A novel

by Maggie O'Farrell

This Must Be the Place by Maggie O'Farrell X
This Must Be the Place by Maggie O'Farrell
    Jul 2016, 400 pages
    Paperback:
    May 2017, 400 pages

Kate Braithwaite


Greta Garbo In 1932 the Hollywood superstar, Greta Garbo, playing the part of a dancer called Grusinskaya, famously uttered the words: "I want to be alone," in the movie Grand Hotel. It wasn't until nine years later however, at the age of thirty-six, that the actress announced a temporary break from her movie work — a break that marked the start of a 49-year period out of the limelight. Garbo lived alone in Manhattan until her death in 1990. The reason for her decision to be a recluse is still a subject of speculation with some evidence suggesting that she suffered from depression and may have been harboring unrequited love for another Swedish actress, Mimi Pollak.

Howard Hughes Howard Hughes inherited a fortune when he was only 18 years old. Within three years he had greatly expanded the business his father had established developing oil drilling equipment. In 1926 Hughes went to Hollywood producing popular movies including Scarface and The Outlaw, while also enjoying the spotlight in the aviation industry. But Hughes became a recluse in the 1950s. Although rarely ever seen again in public and reputed to have become a Valium addict, possibly with obsessive-compulsive tendencies, Hughes continued to command an immense business empire until his death in 1976. His years as a recluse have been the subject of several rumors and conspiracies theories, two of which resulted in movies: The Hoax (2006) and Melvin and Howard (1980).

Emily Dickinson In the world of literature, writers famous for shunning the limelight include the novelists J. D. Salinger and Harper Lee, but American poet, Emily Dickinson, unknown as a writer in her lifetime, may have been seriously agoraphobic. Emily was born in Massachusetts in 1830 and lived a notably quiet life, even for an unmarried gentlewoman of her day, residing in the same home until her death in 1886. Although she did attend school and college, as an adult Emily's shyness ultimately led to her only very rarely leaving the family home. Her self-imposed isolation continues to fascinate students of her poetry to a large degree because her imaginative life was demonstrably so vivid, even though her physical life was dramatically confined.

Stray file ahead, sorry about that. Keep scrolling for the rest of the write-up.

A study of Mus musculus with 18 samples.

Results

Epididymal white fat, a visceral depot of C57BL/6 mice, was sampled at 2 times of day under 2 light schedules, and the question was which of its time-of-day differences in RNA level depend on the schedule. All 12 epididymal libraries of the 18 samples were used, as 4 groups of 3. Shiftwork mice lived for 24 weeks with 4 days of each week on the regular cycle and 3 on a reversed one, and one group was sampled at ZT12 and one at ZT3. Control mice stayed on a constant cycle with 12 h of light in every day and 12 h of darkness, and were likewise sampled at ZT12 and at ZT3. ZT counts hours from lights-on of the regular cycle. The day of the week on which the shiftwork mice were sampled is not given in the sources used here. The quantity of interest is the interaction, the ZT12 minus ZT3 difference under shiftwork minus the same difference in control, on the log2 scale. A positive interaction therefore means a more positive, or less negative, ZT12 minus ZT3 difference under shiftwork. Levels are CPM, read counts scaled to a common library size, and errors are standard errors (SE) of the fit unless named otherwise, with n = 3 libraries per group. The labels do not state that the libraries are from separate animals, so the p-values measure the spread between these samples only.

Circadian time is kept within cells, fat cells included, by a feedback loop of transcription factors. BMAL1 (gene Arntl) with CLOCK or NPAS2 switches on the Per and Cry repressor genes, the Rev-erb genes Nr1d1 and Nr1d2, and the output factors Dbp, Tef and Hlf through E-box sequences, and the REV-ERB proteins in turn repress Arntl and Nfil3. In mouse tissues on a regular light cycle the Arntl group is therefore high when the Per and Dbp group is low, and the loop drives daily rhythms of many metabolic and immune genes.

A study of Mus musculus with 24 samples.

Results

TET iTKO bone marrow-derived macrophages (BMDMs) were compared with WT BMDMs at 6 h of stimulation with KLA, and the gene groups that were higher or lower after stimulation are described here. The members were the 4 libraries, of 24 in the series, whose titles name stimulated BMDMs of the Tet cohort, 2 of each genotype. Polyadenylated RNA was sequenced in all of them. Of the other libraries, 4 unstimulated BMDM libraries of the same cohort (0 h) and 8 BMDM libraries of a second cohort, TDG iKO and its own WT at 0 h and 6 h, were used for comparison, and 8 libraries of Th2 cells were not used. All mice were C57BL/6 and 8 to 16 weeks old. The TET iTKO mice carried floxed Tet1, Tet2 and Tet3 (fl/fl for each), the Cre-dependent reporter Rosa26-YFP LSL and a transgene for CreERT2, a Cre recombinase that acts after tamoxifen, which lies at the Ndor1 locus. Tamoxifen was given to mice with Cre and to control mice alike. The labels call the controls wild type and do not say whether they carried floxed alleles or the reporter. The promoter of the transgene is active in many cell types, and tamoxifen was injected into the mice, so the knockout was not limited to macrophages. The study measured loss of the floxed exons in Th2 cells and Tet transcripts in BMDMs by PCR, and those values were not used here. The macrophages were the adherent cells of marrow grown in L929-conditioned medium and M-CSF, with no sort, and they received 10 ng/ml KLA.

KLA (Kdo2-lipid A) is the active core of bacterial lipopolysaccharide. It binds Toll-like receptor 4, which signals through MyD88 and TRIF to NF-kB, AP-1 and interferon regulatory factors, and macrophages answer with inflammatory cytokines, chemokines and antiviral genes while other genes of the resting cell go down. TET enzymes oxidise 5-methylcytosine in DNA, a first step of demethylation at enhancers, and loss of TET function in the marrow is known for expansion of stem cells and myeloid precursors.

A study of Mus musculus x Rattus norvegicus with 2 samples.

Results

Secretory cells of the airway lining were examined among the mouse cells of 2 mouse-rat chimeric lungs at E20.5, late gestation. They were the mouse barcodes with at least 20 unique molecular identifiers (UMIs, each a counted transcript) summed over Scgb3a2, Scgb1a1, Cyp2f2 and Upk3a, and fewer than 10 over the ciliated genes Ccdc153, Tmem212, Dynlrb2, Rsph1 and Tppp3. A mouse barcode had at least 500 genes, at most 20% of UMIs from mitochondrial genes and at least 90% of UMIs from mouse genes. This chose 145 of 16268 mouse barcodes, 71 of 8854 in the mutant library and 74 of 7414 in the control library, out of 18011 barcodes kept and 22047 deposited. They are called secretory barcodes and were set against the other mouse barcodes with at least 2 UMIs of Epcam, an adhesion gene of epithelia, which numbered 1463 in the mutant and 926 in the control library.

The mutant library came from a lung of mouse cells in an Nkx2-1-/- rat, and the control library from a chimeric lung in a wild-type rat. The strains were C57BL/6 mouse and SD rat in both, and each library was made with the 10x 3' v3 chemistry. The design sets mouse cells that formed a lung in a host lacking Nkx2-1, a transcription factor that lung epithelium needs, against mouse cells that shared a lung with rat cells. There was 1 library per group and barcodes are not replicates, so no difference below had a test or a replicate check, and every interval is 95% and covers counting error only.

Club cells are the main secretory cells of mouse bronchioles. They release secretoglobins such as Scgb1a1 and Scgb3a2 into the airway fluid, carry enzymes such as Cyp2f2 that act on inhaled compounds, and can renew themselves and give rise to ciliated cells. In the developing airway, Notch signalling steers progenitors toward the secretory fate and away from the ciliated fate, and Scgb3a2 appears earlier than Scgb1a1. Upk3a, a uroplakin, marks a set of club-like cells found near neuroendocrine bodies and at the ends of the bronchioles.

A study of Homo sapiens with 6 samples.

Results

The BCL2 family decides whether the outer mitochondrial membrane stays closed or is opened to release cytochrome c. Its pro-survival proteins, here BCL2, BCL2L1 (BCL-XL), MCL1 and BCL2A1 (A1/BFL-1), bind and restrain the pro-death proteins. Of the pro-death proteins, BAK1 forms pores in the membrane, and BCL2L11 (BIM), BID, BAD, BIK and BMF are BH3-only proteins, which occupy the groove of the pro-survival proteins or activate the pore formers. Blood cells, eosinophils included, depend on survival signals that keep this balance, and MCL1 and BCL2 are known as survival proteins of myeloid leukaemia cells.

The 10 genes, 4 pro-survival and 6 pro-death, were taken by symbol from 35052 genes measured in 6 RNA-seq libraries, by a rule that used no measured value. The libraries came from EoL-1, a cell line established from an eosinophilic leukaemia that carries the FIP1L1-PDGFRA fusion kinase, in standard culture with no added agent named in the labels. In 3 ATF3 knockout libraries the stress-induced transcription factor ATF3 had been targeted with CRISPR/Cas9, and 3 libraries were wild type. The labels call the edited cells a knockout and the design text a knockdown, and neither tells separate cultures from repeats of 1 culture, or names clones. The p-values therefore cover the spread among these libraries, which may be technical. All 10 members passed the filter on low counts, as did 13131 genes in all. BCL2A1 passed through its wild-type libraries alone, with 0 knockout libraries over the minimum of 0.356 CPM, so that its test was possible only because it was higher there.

Bill Watterson Emily Dickinson's poems were not made public during her lifetime, but one well known cartoonist whose work was widely loved in the 1980s and 1990s, very deliberately turned his back on fame in favor of a much more private life. Bill Watterson has been called the "Howard Hughes of the comic world" having retired his much loved Calvin and Hobbes comic strip in 1995. Calvin, a six-year-old boy whose stuffed tiger Hobbes comes to life in his eyes, continues to capture the imagination of adults and new generations of children but these lovable and often philosophical characters do not appear in any of the merchandising now ubiquitous for similar creations like Peanuts. Watterson has refused to license any products bearing his characters' images. Bill Watterson lives with his wife in Cleveland and declines any requests for an interview.

Picture of Greta Garbo from Metro-Goldwyn-Mayer
Picture of Howard Hughes from Biography.com
Picture of Emily Dickinson from Amhert College Archives and Special Collections
Picture of Bill Watterson from Biography.com

Article by Kate Braithwaite

This "beyond the book article" relates to This Must Be the Place. It originally ran in September 2016 and has been updated for the May 2017 paperback edition.